Pink Floyd The Wall: I am a human being

November 1982 was memorable for a couple of reasons. The first—I saw a naked grown woman in the flesh for the first time. The second—I heard Pink Floyd The Wall and finally woke up.

I spent a weekend with my cool uncle, who was a male nurse at the Leeds Hospital, famous at the time for the trauma the Yorkshire Ripper had inflicted on it. On my Mum’s side, I had a cool uncle and a stiff uncle. The cool uncle looked like Hugh Grant before Hugh Grant. He’d been divorced, drove a sports car, and was the closest thing to a black sheep the family had. The stiff uncle was a barrister, a preacher, a bachelor, and a Christian. He was also gay. But no one knew (or admitted they knew).

Anyway, we lived near Manchester at the time. A trip to Leeds was a big deal. Staying with John was a bigger deal. Meeting his new girlfriend, the gorgeous Ruth, was just about the biggest deal of all. And then I saw a naked woman—boobs, muff, the lot—and that topped everything.

John had bought us tickets to the theatre, the Leeds Playhouse, which had what was reputedly the biggest neon sign in the world. We were watching The Elephant Man, a play by Bernard Pomerance in which David Bowie had once starred. Alas, there was no Bowie in the Leeds cast, but there was a stunning auburn actress whose name escapes me, but whose breasts never will. Partway through a scene with John Merrick—the Elephant Man himself—the actress asked if he had ever seen a naked woman, and whether he wanted to. I leaned forward in my seat, hoping beyond hope that he would say yes. And indeed he did, slobbering more than I was.

‘Sit back,’ cool Uncle John said, because apparently I was leaning so far forward I was about to fall into the row in front.

And then it happened, a scene that is etched on my mind like an embossed birthday card. She took off every last stitch of her Victorian attire, and stood there naked and blushing from head to toe. I was in love. I also had what we in the north of England call a bonk on. I thought about marriage. Alas, I was 15 and she was mid-30s. Not only that, I had no idea who she was.

I did see her one more time. She was there at the bar drinking wine after the play, flirting like a dancer from the Moulin Rouge. She was fully clothed, but in 80s garb—brown knee-high boots, a flowing skirt, blouse and a brown jacket. I remember the outfit still. Or I have constructed a memory from my fantasies. Either way, she remains unforgotten.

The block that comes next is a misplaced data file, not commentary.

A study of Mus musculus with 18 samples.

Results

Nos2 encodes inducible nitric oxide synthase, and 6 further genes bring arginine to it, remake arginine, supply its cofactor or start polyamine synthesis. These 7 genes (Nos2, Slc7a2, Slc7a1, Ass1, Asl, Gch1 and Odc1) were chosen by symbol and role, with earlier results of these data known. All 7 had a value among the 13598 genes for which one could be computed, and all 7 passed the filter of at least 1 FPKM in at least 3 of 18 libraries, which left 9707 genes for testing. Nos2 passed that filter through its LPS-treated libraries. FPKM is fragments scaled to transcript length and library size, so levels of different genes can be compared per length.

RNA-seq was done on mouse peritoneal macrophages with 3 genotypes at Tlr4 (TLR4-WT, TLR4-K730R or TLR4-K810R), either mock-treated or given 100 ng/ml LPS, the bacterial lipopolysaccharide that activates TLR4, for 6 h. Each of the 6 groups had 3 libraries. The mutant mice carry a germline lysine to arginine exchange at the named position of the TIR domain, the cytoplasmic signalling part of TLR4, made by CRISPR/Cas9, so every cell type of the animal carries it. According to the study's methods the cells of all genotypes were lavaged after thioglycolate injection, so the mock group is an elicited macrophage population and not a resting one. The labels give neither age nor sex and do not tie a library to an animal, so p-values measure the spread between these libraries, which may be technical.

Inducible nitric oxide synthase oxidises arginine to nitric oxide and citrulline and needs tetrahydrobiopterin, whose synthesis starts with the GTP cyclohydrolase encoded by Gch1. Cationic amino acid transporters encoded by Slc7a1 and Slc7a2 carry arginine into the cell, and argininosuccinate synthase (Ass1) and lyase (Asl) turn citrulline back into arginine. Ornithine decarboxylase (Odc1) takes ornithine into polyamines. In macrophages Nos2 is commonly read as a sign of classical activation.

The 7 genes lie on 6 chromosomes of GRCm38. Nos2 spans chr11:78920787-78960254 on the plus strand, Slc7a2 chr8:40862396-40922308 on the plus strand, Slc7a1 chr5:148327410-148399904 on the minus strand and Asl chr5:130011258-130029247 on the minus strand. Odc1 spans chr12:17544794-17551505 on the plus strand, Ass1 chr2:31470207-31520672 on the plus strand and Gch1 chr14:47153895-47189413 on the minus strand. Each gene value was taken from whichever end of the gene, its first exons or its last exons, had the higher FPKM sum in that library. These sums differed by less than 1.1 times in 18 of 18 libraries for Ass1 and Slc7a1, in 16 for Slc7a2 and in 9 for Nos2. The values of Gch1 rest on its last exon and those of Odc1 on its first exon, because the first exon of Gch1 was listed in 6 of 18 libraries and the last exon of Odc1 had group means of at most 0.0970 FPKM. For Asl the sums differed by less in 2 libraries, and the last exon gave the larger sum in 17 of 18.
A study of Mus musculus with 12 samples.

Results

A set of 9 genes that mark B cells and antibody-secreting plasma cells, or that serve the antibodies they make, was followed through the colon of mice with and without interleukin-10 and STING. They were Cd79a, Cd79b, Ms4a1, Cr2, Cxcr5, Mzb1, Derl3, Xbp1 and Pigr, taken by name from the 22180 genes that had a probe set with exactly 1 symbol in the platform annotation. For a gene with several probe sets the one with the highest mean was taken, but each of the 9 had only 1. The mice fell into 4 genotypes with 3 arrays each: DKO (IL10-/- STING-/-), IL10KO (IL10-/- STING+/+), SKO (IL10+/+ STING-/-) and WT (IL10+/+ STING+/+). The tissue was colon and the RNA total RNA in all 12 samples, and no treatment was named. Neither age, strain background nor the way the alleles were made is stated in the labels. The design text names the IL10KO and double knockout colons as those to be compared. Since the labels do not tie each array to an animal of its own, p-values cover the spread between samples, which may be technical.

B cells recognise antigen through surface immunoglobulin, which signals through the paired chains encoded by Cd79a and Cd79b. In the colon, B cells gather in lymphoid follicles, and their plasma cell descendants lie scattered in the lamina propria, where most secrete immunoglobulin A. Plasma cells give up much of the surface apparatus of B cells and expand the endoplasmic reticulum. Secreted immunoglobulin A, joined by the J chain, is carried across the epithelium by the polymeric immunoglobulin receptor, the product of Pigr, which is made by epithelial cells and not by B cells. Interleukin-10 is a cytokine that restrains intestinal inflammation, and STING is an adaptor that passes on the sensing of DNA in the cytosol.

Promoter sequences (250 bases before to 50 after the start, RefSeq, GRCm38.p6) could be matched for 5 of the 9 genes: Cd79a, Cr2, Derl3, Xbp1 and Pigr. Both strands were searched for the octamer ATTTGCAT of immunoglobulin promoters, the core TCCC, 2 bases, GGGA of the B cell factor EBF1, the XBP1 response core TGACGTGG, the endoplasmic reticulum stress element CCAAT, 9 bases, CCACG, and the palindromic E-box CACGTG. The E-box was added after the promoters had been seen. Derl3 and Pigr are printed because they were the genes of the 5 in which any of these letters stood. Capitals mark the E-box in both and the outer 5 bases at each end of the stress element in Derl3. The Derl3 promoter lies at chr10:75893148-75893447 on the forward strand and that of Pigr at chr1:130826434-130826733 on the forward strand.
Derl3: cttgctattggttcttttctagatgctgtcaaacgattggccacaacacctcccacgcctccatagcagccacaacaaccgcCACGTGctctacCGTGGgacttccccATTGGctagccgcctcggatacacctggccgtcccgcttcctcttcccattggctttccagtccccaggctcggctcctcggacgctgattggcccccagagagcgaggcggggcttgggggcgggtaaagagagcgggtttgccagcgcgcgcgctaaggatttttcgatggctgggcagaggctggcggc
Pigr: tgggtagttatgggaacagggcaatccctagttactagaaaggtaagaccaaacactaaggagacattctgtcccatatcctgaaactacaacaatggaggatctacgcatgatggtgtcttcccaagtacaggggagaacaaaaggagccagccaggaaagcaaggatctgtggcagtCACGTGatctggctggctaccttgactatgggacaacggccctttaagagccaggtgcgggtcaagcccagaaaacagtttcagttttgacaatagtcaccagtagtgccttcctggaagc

The play was great too.

Then we got back in John’s red TR7 and he played a cassette of Pink Floyd The Wall. It was round about Another Brick In The Wall, Pt. 1 that I fell in love all over again, this time with Floyd. That bass, that delayed echo guitar. Those character interludes and the helicopter. Bloody hell. I couldn’t believe it. I knew of Another Brick In The Wall, Pt. 2. Every kid in England was singing ‘We don’t need no education’. We debated it in school. I also knew of the movie version starring Bob Geldof, who I thought was Pink. But this was my first time with the album. My eyes had been opened for the second time that weekend. How fitting that my first taste of nakedness should accompany my first musical orgasm.

Pink Floyd The Wall has been reissued on vinyl and I listened last night. I miss my old copy, which was scratched to buggery by the end. The new version sounds just as good, but with all the production problems that new vinyl seem to have, I swear the pops and static on the new record occur in the exact places they always did.

The only thing missing as I listened was John. He stopped being cool and unfriended me on Facebook. Perhaps he forgot, or maybe he never knew, how much that weekend meant to me, and how much it shapes me even now, 35 years on.

Which is what The Wall is all about.

It will always be in my top five favourite albums. And the unknown auburn-haired actress … incomparable.